Liverpool striker Daniel Sturridge is edging closer to the exit this January, after Serie A side Inter Milan made a “significant” loan bid.
The 28-year-old has featured just 14 times for the Reds this season, with only five of those coming as part of Jurgen Klopp‘s starting lineup.
Despite this, Sturridge has still scored three goals and assisted a further three, with his peripheral role fuelling a desire to leave in order to make the England squad for the World Cup.
Liverpool are believed to be willing to allow the fit-again striker to depart before the end of the winter transfer window, with Klopp leaving him out of the last two matchday squads.
And according to BBC Sport, Sturridge could be given the option to join Inter in their bid for a top-four finish in the Italian top flight.
Inter are reported to have “offered a significant but undisclosed loan fee” for the No. 15, while they would also pay his £120,000-a-week wages in full.
Furthermore, “discussions have also opened up towards a potential permanent transfer at the end of this season,” which presents Liverpool with an ideal resolution.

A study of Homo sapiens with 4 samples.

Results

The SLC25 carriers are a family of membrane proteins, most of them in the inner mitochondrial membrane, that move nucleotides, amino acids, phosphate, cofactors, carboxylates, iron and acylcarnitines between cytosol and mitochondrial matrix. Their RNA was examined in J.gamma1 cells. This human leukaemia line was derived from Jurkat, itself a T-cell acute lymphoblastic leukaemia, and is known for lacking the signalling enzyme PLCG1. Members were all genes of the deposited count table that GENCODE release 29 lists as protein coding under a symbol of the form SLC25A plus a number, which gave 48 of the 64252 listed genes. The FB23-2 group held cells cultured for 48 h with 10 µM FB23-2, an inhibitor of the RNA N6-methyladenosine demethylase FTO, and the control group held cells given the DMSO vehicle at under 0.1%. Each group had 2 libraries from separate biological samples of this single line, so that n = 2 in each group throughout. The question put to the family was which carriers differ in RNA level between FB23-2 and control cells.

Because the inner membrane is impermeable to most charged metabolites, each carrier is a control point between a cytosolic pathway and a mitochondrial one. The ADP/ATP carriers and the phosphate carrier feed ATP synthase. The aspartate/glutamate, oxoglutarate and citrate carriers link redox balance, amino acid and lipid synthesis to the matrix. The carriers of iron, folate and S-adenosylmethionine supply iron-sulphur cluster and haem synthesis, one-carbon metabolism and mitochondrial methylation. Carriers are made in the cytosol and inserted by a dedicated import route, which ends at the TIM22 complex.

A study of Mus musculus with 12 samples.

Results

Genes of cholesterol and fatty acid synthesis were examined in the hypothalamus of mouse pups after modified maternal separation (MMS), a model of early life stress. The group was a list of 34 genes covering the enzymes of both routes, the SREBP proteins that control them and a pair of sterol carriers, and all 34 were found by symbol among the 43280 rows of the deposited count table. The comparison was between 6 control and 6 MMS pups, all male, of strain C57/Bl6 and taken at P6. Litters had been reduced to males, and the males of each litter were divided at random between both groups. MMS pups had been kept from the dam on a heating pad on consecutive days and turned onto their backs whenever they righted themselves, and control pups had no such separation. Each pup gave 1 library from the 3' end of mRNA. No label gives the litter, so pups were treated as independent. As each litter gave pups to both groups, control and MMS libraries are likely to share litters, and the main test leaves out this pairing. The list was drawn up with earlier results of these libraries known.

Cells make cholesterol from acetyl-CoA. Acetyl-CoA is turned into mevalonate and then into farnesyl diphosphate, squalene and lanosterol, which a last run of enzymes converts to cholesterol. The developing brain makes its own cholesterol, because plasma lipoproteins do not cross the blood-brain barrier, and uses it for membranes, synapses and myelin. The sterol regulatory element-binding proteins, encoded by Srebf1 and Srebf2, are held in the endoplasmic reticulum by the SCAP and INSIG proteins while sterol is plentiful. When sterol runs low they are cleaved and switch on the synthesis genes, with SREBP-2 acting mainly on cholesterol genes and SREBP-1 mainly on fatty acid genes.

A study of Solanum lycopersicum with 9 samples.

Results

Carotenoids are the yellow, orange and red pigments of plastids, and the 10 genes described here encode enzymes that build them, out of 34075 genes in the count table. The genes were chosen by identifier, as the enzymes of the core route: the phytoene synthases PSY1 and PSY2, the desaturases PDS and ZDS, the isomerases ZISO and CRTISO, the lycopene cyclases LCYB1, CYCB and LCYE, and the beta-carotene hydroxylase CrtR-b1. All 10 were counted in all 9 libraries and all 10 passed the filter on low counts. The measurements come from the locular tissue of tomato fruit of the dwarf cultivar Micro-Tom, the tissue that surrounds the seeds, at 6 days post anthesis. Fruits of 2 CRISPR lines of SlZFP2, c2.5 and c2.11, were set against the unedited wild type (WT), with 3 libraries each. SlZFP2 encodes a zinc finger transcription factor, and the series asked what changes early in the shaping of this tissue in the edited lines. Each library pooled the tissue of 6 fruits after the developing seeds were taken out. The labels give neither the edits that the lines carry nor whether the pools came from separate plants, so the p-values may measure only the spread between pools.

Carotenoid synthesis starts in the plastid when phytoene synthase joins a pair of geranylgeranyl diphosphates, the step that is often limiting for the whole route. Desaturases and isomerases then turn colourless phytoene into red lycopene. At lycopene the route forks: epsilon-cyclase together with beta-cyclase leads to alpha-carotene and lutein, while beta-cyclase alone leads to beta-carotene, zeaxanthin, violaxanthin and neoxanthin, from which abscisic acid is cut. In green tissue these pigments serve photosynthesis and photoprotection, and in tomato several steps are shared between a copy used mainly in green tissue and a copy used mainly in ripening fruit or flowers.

The Reds “will now consider the offer,” and Sturridge’s future is not decided at this stage, as he “has yet to make a decision with the club happy for him to stay at Anfield.”
Few could argue against Sturridge pushing for a move away from Merseyside in January, given his lack of opportunities under Klopp despite largely avoiding fitness issues.
However, allowing Sturridge to leave would clearly weaken Klopp’s squad, as Monday night’s 1-0 defeat away to Swansea City proved.
With Sturridge not travelling to south Wales despite being fit, Klopp was left to send on Ings, who has not scored a senior goal for the club in over two years, as a late substitute.
Elsewhere, Solanke is yet to score for Liverpool since joining from Chelsea on a free transfer last summer, registering just one assist in 498 minutes in all competitions.
Sturridge is still Klopp’s most effective centre-forward option beyond Firmino, and Inter’s offer presents the German with a major decision before the deadline on January 31.